RICHMOND, Va. (WRIC) — Mayor Levar Stoney has announced his proposal for the first Richmond Civilian Review Board (CRB) of the Richmond Police Department, to be seen by City Council.
The Citizen Review Board proposed by Stoney would not have subpoena power, and would need to request subpoenas from a Circuit Court judge.
The board would also not have the power to impose direct punishments but would be authorized to “examine serious cases of police misconduct, officer-involved shootings and allegations of abuse following internal police investigations” and then send their recommendations on course of action to the Chief of Police.
In Stoney’s proposal, the seven-member board would be able to hire outside investigators, and “upon reaching a finding” would be able to give policy, procedural, and nonbinding recommendations to the chief, who would then give the board a written response.
While the release states that Stoney’s proposal reflects input from the City Council Task Force for the Establishment of a Civilian Review Board and the Mayor’s Task Force on Reimagining Public Safety, as well as recommendations from Dr. William Pelfrey’s report to the Mayor and Council, presented in February 2022, the proposal introduced Monday night is heavy on concepts taken from Dr. Pelfrey’s report given in Feb.
The task force recommended that the potential civilian review board should be able to receive and investigate complaints, make binding disciplinary decisions, review police policy and make new recommendations, audit police data and create public reports, and review the Richmond Police Department budget and make budgetary recommendations. The task force has previously emphasized they don’t want to create a body that “doesn’t do very much.”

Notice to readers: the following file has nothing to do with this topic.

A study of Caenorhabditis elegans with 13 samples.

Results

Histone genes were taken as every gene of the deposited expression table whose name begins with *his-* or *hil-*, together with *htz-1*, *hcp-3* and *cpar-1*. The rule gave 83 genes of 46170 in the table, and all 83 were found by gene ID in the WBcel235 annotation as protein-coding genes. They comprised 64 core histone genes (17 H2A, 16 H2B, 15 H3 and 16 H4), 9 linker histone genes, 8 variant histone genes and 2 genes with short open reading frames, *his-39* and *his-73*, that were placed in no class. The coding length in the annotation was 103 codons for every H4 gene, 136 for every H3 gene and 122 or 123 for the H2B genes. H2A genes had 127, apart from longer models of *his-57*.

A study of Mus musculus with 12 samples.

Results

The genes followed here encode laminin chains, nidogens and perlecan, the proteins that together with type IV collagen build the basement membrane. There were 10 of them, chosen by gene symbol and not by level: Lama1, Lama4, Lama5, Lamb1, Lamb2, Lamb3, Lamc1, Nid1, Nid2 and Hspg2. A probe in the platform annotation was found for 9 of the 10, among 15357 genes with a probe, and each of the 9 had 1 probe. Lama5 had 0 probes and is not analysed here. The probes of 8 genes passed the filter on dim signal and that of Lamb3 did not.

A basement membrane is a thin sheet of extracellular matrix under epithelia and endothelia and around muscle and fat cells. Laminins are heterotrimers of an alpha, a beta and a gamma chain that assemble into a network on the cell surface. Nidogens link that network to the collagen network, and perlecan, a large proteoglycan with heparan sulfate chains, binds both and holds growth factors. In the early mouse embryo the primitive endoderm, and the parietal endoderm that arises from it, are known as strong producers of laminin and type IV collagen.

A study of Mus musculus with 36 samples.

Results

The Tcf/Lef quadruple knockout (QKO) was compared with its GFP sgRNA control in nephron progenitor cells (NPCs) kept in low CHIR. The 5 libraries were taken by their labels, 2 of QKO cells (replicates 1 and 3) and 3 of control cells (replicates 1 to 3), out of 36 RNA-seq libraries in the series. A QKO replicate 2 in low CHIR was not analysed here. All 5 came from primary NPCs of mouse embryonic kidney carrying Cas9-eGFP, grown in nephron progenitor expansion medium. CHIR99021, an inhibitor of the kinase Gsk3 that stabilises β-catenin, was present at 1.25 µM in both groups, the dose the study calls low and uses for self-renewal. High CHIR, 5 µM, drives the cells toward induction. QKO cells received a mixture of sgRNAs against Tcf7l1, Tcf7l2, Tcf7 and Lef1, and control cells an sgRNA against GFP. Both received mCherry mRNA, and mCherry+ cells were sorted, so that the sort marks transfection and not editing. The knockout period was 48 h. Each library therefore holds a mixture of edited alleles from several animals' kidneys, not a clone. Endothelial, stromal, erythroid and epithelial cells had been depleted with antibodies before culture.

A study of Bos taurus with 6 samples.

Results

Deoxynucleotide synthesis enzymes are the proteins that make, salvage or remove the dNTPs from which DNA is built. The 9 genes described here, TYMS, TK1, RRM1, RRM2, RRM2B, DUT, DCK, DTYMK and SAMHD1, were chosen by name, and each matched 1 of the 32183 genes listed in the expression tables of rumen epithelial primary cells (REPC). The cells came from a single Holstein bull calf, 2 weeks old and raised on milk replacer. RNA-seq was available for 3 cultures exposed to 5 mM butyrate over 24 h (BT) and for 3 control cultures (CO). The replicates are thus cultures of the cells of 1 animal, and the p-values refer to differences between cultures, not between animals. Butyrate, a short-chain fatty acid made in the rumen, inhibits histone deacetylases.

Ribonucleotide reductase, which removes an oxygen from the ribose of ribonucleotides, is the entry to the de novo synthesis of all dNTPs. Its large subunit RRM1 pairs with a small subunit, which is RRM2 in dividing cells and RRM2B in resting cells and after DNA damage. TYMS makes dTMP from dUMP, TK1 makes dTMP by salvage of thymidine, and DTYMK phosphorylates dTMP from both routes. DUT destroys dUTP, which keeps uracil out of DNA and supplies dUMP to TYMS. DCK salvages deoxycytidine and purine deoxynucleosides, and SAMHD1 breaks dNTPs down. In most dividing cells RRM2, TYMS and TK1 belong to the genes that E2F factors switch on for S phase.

“This actually has the potential to be something transformative,” said task force co-chair Dr. Eli Coston.
The recommendations given by Pelfrey were that subpoena power would be exercised following a majority vote, and that the request would come from a city attorney to then be reviewed by an objective judge.
“Most civilian review board outcomes are advisory to a police chief, and that’s the norm, and the police chief can use that recommendation in conjunction with the outcome from the internal affairs investigation,” Pelfrey said. “If the civilian review board believes that the internal affairs investigation was not legitimate or the outcome was inappropriate, then, they’ll make a different recommendation to the chief, and the chief can factor that into his or her decision-making.”
He added that although the board would have authority to make recommendations based on oversight of cases, Pelfrey did not recommend that the group should have final authority over discipline for police officers– all points that were also seen in Stoney’s proposal.
The mayor’s proposal also included providing individual members with “diversity, equity and inclusion” training as well as a $1,200 annual stipend. The proposal also included a $204,199 budget for the board as a whole.